Participants included community members, FSG and UKZN staff members, representatives from the Department of Agriculture and Rural Development (KZN DARD), staff and students from the University of Zululand, and ward councillors for the area.
Small-scale farmers from Msinga and Bergville shared how they plant, tend their plots (using minimum tillage), save their seeds, cultivate their seedlings and market their produce, encouraging the use of organic produce, even in animal feed. The theme was “From Seed to Plate”, and featured displays of crops and crafts which were on sale.
The event included a visit to vegetable plots alongside the Mooi River, where two pumps, supplied by the FSG and by the Department of Social Development, and an irrigation system, have enabled farmers to continue producing crops despite the severe drought.
The group of 30 farmers grow vegetables, and farmed cattle until the drought decimated their herds.
The farmers use no fertilisers or chemicals, and use inter-cropping methods to control pests. Despite the abundant and healthy crops produced year round, market access remains a challenge. The profit from the crops runs households and sends children to school.
Farmers have been able to work with unemployed youth, teaching them the value of agriculture.
Dean and Head of the School of Agricultural, Earth and Environmental Sciences (SAEES), Professor Albert Modi, invited young people to visit the University to learn and access opportunities to improve their communities.
The farmers lauded FSG for their assistance in enabling them to teach their children, make profit and support themselves.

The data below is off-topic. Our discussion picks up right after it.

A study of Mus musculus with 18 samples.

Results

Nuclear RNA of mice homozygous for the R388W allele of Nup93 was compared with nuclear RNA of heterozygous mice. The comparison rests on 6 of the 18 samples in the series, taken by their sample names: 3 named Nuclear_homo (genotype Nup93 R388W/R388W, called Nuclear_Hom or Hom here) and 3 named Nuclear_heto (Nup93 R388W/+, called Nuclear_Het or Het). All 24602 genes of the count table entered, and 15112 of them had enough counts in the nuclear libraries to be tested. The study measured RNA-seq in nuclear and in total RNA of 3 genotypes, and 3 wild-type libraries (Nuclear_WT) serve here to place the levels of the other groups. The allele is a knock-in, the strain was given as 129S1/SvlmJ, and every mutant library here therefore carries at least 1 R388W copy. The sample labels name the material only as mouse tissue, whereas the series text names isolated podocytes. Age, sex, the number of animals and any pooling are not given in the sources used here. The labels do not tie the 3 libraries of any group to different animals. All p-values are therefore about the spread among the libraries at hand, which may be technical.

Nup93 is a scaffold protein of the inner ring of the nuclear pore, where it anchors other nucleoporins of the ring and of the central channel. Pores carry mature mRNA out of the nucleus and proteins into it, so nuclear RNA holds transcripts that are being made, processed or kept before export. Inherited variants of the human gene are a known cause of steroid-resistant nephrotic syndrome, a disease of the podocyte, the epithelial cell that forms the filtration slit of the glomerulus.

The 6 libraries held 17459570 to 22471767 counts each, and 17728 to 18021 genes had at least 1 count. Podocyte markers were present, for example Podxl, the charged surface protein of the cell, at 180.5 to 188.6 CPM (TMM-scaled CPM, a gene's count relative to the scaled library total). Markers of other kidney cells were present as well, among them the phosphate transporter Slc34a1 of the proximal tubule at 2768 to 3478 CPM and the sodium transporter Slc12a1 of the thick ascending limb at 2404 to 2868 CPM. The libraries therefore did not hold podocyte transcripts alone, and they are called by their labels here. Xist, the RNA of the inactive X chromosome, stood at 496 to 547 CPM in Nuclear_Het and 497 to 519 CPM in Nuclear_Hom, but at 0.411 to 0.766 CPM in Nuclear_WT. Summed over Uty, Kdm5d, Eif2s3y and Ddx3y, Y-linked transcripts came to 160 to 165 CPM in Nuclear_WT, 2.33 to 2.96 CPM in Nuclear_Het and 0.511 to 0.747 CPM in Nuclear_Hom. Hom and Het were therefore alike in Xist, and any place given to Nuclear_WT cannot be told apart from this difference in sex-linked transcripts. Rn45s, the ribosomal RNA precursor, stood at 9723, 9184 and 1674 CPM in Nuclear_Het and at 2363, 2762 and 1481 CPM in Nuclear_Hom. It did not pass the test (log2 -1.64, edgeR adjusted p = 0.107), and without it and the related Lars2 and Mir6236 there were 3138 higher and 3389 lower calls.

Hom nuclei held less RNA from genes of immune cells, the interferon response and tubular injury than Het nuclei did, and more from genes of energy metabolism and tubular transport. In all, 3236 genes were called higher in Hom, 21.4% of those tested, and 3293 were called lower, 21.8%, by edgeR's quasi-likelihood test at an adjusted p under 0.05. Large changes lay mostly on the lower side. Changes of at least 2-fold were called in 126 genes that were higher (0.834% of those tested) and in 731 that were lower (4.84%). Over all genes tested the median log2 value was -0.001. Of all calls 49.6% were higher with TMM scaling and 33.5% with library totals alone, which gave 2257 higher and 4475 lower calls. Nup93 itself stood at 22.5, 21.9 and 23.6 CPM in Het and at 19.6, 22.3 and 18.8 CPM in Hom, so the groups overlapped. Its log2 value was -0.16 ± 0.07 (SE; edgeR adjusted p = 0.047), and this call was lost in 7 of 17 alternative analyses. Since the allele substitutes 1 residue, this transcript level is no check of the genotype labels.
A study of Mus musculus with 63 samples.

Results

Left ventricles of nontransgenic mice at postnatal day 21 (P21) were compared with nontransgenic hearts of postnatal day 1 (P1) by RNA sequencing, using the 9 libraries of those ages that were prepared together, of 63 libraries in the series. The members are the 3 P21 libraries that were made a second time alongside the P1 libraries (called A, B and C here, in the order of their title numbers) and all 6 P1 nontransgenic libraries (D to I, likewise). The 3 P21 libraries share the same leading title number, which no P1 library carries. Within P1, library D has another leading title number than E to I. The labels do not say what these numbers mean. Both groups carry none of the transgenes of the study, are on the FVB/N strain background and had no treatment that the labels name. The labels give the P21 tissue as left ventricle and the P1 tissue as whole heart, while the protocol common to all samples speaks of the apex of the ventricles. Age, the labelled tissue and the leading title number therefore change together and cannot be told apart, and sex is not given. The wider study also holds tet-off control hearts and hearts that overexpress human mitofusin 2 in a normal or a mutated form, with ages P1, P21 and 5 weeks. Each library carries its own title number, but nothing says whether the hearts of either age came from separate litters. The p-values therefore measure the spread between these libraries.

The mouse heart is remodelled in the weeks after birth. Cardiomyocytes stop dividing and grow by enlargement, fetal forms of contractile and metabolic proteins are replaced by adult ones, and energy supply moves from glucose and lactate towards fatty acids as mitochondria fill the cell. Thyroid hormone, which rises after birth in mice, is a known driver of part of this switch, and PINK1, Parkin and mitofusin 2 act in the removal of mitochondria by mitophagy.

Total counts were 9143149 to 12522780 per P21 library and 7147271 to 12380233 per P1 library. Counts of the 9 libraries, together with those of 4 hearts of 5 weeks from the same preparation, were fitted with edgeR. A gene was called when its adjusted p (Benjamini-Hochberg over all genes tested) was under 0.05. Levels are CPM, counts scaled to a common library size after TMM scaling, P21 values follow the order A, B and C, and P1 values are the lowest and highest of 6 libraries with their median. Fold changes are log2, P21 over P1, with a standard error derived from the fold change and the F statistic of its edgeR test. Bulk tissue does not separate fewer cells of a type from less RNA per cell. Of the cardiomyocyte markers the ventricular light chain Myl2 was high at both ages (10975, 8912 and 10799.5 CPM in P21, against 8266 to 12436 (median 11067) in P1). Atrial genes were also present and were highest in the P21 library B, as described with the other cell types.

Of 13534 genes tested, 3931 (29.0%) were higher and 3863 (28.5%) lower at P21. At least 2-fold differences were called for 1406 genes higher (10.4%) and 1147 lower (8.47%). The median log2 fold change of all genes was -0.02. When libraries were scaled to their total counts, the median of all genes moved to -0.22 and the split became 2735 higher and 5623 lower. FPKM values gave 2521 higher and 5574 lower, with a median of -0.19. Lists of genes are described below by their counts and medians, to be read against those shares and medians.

Ms Nonhlanhla Mthembu of FSG, who facilitated the day, expressed hope that those who attended learnt something.
A spokesperson for one community said they were happy with what they had learnt, and joked that one day they hoped to buy an aeroplane with their farming profits. They also thanked the FSG for teaching them how to grow their own seedlings.
KZN DARD Extension Officer Ms Phumelele Khanyile was pleased to see farming operations had grown, saying the focus should move to goat farming. She encouraged the one home, one garden concept, and the use of grey water for irrigation.
FSG Director Dr Maxwell Mudhara thanked those who attended, particularly the group hosting the event for the second time.
‘This group struggled a little bit,’ he said, ‘but their new gardens have blossomed and they have gone from strength to strength, with many new members joining.’
Mudhara also raised the issue of climate change, emphasising the importance of enhancing resilience. He encouraged farmers to continue growing their own seedlings rather than buying them, and re-emphasised the importance of considering what chemicals were put into food, and mentioned the need to find ways to sell what was produced.